Geoffrey Gurtner and his colleagues from Stanford University have tested a new way to reattach severed blood vessels. Rather than relying on needle and thread, they used a thermoreversible poloxamer and a bioadhesive. The former holds the vessels open while the latter glues the ends together.
Although sutures still work very well in many applications, they do have drawbacks. For one thing, there is a lower size limit for a stitchable repair area. For another, the suturing itself can cause localized trauma which can lead to obstructed blood flow at that point. And finally, using discrete stitches of any kind allows for the possibility of leakage around the stitches. Using adhesives can eliminate all these shortcomings. However, you need something to keep the blood vessels fully dilated both during and after sticking the ends together, which is where the poloxamer comes in.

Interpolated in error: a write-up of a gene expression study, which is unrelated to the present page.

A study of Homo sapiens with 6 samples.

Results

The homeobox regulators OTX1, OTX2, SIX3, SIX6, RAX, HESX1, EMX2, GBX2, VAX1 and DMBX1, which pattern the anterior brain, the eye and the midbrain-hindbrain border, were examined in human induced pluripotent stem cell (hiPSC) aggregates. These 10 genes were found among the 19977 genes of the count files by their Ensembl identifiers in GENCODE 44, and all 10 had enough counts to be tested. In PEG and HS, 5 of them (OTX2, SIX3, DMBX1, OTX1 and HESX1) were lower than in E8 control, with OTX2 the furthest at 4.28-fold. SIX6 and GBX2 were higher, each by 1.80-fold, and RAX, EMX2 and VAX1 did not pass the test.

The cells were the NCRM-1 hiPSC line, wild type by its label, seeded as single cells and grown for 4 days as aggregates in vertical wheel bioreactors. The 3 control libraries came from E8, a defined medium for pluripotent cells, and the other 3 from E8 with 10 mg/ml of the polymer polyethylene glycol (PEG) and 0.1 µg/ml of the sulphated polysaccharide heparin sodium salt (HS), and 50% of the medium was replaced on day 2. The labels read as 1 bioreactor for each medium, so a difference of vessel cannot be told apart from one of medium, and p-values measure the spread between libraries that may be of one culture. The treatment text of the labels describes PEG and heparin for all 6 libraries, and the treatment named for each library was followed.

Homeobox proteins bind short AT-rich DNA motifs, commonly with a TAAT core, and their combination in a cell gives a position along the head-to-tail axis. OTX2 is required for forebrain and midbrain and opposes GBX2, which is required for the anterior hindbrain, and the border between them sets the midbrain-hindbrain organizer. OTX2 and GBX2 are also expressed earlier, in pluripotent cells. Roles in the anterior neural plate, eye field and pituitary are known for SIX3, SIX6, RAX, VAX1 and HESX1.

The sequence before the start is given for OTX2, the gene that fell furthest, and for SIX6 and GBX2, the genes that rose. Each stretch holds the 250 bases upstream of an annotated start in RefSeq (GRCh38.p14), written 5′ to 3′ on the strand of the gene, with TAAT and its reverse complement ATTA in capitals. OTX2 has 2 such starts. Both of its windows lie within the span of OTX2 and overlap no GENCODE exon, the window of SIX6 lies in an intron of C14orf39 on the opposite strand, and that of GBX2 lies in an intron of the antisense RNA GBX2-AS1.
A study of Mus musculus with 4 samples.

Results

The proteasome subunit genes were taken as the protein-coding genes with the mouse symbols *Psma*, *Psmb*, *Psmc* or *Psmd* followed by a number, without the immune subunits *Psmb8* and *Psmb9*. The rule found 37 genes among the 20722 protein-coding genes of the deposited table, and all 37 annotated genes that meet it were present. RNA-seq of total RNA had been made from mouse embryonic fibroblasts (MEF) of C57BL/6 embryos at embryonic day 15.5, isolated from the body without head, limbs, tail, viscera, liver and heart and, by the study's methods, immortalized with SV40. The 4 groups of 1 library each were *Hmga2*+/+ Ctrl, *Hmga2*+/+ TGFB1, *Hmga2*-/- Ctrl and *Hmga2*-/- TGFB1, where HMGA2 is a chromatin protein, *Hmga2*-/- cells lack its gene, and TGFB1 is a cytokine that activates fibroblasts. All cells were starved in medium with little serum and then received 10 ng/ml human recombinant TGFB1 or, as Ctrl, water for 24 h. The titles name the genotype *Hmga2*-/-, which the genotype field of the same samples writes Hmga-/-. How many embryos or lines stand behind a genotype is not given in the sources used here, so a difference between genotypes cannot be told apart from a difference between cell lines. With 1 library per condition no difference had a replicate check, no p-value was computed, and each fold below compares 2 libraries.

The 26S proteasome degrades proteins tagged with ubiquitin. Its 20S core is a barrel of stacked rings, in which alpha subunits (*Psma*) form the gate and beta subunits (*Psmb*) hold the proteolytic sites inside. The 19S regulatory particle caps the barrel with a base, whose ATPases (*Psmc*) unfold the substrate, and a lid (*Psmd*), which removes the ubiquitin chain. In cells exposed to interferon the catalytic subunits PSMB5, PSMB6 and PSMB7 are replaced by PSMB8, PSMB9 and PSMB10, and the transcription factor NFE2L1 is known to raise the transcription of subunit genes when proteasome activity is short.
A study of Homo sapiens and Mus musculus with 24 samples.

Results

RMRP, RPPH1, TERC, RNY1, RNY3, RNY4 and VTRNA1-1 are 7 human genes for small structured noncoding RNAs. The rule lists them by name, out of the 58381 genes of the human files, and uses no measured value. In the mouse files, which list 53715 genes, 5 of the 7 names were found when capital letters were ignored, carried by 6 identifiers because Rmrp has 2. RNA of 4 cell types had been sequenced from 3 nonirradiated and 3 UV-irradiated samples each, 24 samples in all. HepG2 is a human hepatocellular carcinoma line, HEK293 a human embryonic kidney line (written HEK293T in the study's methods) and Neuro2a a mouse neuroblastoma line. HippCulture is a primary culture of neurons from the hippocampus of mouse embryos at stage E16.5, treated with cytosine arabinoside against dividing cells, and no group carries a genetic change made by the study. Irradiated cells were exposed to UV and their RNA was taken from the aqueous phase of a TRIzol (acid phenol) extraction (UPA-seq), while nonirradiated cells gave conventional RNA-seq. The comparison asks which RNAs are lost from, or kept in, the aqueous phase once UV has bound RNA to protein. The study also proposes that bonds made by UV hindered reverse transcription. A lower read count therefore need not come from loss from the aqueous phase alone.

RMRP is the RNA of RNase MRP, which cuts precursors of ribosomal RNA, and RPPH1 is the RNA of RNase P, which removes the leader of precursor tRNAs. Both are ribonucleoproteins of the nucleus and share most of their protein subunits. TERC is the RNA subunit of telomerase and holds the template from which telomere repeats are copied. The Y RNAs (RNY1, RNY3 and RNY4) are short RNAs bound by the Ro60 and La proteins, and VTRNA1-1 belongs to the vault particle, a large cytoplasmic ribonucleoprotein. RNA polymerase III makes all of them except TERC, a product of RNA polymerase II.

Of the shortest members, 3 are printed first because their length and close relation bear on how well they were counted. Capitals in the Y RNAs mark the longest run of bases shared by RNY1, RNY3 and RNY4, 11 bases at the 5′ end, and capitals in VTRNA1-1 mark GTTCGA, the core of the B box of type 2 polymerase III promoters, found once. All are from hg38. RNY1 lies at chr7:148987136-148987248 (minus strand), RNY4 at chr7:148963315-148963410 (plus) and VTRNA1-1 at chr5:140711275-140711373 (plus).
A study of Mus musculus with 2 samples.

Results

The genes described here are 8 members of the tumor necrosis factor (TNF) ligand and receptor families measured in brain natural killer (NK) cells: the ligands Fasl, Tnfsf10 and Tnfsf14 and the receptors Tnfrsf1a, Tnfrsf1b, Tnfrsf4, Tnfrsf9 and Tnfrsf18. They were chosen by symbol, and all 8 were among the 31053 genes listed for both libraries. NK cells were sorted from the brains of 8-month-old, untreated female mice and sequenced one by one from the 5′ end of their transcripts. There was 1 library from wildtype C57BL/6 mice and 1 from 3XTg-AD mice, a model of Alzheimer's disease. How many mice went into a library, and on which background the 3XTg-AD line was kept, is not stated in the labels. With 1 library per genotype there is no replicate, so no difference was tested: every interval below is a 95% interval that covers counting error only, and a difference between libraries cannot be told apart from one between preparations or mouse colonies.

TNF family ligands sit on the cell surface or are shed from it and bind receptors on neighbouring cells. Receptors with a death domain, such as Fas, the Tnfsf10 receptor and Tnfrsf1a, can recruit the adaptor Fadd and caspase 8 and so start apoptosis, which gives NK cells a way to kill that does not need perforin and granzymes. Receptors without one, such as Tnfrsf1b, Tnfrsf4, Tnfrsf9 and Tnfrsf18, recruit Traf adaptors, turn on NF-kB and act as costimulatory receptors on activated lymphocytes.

A poloxamer is a type of polymer gel composed of units with hydrophobic centers and hydrophilic ends. The scientists used the thermoreversible Poloxamer 407, which is solid above body temperature but liquifies at body temperature. Using a halogen lamp to heat and solidify the poloxamer, the researchers successfully propped rat blood vessels open with the gel long enough for an adhesive to seal the vessels. At that point, the gel was allowed to cool and dissolve away into the blood stream.
Both the sealant (Dermabond) and the poloxamer are already FDA approved for other uses. Nevertheless, more animal studies most be done before the researchers can progress to human trials.